Why the fastest path to the future can often be found by looking backward, not forward.

I have always believed that the fastest path to the future is found through increasing velocity of change. I don’t believe I’ll get much push-back on that statement, but I’m rather certain I’ll encounter some resistance with my next one: Increasing velocity of change is best accomplished by slowing down.

Most CEOs feel as if they’re in a race to change the future, and they would be correct. By nature, being a CEO is a forward-looking endeavor. In fact, this is so much the case that virtually every aspect of being a chief executive is focused on the future. But what if I told you most CEOs are looking in the wrong direction? What if the fastest path to the future is found looking backward and not forward?

“The truth of the matter is that change always begins with a harsh critique of the past and the present.”

I was recently asked, what would I do differently as a leader if I could turn back time? Oddly enough, this wasn’t a difficult question for me to answer—I live here. I ask myself similar questions every day; what did I learn today? what should I have done differently? Over the years, I have learned that brutal honesty regarding self-reflection is the key to unlocking better performance in the future.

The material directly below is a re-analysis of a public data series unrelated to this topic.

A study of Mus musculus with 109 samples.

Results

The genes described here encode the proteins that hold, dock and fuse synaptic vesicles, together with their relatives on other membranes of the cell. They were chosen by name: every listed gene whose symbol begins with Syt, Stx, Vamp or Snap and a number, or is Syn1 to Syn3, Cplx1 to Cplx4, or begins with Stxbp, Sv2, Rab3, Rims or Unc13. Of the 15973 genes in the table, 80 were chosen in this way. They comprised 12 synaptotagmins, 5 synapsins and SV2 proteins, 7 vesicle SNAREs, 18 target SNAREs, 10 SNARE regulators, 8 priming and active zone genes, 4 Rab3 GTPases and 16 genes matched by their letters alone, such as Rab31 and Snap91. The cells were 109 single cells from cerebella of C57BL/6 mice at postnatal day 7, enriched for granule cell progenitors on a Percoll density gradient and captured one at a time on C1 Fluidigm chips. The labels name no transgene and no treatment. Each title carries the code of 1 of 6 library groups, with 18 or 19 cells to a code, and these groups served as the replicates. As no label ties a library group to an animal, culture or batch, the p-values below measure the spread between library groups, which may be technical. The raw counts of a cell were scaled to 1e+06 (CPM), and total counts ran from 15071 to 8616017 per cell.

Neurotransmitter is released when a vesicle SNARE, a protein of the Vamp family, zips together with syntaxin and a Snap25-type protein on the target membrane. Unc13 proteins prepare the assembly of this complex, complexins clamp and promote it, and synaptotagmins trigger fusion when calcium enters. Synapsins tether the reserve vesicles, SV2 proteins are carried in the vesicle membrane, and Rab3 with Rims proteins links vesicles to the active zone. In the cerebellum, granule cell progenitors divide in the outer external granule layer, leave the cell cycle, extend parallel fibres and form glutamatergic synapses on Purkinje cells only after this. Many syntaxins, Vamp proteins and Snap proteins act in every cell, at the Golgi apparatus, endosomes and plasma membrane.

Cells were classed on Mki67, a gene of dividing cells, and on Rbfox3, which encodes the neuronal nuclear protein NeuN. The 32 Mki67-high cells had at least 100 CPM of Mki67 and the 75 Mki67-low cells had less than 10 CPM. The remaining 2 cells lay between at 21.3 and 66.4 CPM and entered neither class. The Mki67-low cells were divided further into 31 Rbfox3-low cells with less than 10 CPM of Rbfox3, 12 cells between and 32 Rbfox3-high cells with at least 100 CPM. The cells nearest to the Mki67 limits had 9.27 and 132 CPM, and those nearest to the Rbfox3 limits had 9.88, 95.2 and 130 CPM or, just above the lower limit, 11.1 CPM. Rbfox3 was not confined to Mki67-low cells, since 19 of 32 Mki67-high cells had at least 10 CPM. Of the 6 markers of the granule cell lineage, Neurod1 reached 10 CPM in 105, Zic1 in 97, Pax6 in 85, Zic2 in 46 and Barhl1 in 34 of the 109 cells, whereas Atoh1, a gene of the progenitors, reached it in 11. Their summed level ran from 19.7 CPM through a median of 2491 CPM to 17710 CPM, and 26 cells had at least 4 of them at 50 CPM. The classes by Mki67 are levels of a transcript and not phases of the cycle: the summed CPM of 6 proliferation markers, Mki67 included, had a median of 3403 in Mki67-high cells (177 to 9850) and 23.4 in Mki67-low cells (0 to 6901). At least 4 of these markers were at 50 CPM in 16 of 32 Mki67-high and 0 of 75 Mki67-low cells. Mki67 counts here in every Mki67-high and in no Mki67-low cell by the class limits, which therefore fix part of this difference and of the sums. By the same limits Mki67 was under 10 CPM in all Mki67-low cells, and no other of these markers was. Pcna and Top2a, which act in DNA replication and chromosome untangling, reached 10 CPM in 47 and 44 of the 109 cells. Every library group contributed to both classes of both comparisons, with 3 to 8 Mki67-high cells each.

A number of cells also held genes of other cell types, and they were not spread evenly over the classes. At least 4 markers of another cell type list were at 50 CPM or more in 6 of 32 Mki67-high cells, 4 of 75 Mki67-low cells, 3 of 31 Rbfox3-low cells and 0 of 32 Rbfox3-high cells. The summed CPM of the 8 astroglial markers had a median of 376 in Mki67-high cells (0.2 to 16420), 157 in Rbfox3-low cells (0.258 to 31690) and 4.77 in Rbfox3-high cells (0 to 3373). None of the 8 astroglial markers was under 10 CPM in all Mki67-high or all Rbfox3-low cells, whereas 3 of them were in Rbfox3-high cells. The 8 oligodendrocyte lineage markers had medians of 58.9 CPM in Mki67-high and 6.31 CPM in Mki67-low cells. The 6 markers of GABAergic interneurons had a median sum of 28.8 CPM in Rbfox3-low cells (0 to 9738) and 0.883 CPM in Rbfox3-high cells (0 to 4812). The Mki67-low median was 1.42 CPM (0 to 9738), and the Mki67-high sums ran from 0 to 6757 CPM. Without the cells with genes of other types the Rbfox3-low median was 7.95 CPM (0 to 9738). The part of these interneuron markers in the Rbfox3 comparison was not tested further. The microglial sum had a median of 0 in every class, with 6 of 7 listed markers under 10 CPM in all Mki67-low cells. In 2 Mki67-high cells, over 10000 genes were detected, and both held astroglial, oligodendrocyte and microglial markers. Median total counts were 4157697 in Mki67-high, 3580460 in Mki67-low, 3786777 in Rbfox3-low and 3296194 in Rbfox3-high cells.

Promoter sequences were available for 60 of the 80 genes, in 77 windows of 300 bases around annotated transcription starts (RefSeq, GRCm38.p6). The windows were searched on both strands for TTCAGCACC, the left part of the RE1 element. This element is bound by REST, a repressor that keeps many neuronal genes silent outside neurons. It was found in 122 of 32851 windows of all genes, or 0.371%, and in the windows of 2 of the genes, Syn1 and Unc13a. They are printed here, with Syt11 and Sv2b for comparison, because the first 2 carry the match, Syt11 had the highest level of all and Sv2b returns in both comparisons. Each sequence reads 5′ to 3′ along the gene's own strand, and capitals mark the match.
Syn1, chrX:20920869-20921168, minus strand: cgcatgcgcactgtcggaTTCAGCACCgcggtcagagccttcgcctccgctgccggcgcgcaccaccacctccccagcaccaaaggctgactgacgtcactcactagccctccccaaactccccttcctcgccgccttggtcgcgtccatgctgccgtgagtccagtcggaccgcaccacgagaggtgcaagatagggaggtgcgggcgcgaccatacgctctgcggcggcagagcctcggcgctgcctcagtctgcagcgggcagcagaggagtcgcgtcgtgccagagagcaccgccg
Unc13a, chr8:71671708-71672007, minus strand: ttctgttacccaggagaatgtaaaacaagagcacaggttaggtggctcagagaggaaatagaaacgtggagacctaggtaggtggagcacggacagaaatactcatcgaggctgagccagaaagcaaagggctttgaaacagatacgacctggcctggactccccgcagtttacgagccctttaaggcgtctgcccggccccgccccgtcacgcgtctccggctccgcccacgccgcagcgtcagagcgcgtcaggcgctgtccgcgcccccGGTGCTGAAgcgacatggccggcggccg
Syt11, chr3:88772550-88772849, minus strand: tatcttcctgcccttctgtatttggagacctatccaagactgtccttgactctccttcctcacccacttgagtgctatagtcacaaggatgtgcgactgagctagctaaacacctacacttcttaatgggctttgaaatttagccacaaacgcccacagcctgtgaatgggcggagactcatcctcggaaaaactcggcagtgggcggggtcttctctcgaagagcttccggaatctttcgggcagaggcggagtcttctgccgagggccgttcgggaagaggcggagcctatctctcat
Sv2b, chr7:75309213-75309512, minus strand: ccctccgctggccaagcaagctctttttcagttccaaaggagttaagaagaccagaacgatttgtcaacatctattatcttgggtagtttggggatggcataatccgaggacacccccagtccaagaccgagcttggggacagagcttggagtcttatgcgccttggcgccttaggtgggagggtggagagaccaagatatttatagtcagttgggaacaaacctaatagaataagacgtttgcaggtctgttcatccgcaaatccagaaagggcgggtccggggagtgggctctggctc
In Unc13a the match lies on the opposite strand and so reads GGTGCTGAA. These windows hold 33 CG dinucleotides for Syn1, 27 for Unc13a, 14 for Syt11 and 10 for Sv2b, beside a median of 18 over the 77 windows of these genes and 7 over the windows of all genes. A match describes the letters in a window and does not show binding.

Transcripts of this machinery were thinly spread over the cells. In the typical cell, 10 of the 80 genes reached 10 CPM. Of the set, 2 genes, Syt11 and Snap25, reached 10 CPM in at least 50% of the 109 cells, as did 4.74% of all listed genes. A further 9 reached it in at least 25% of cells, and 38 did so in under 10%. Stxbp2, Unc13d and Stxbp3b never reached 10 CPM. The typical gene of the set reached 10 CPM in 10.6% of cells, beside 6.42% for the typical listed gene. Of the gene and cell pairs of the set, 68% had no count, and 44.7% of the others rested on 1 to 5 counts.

However, most CEOs left to their own devices will often pursue the wrong path to the future. The truth of the matter is that change always begins with a harsh critique of the past and the present. The best CEOs live in this world—they are purpose driven and not ego driven. They know that it’s not about who’s right, but what’s right. They understand that beating their competition to the future is directly tied to their personal, professional, organizational and global levels of awareness. Intellectual acuity is nice, but intellectual honesty is essential.

So, when I was asked the question, what would I do differently? the following is how I answered:

  • I’d surrender faster and replace myself sooner.
  • I’d control less and influence more.
  • I’d spend more time as student and less time as teacher.
  • I’d develop talent earlier and faster.
  • I’d free people from boxes, not place them in boxes.

I eventually did all these things, but I clearly held onto the CEO role for too long. Controlling leaders operate in a world of addition and subtraction, while the calculus of a leader understands that surrender is built on exponential multiplication. Here’s the thing: the purpose of leadership is not to shine the spotlight on yourself, but to unlock the potential of others so they can shine the spotlight on countless more. Control is about power—not leadership. Surrender allows leaders to get out of their own way and focus on adding value to those whom they serve.

What if you could turn back time? You can. You can turn back time anytime you choose to do so. The question is, do you have the patience and the courage it takes to step back as a springboard for leaping forward?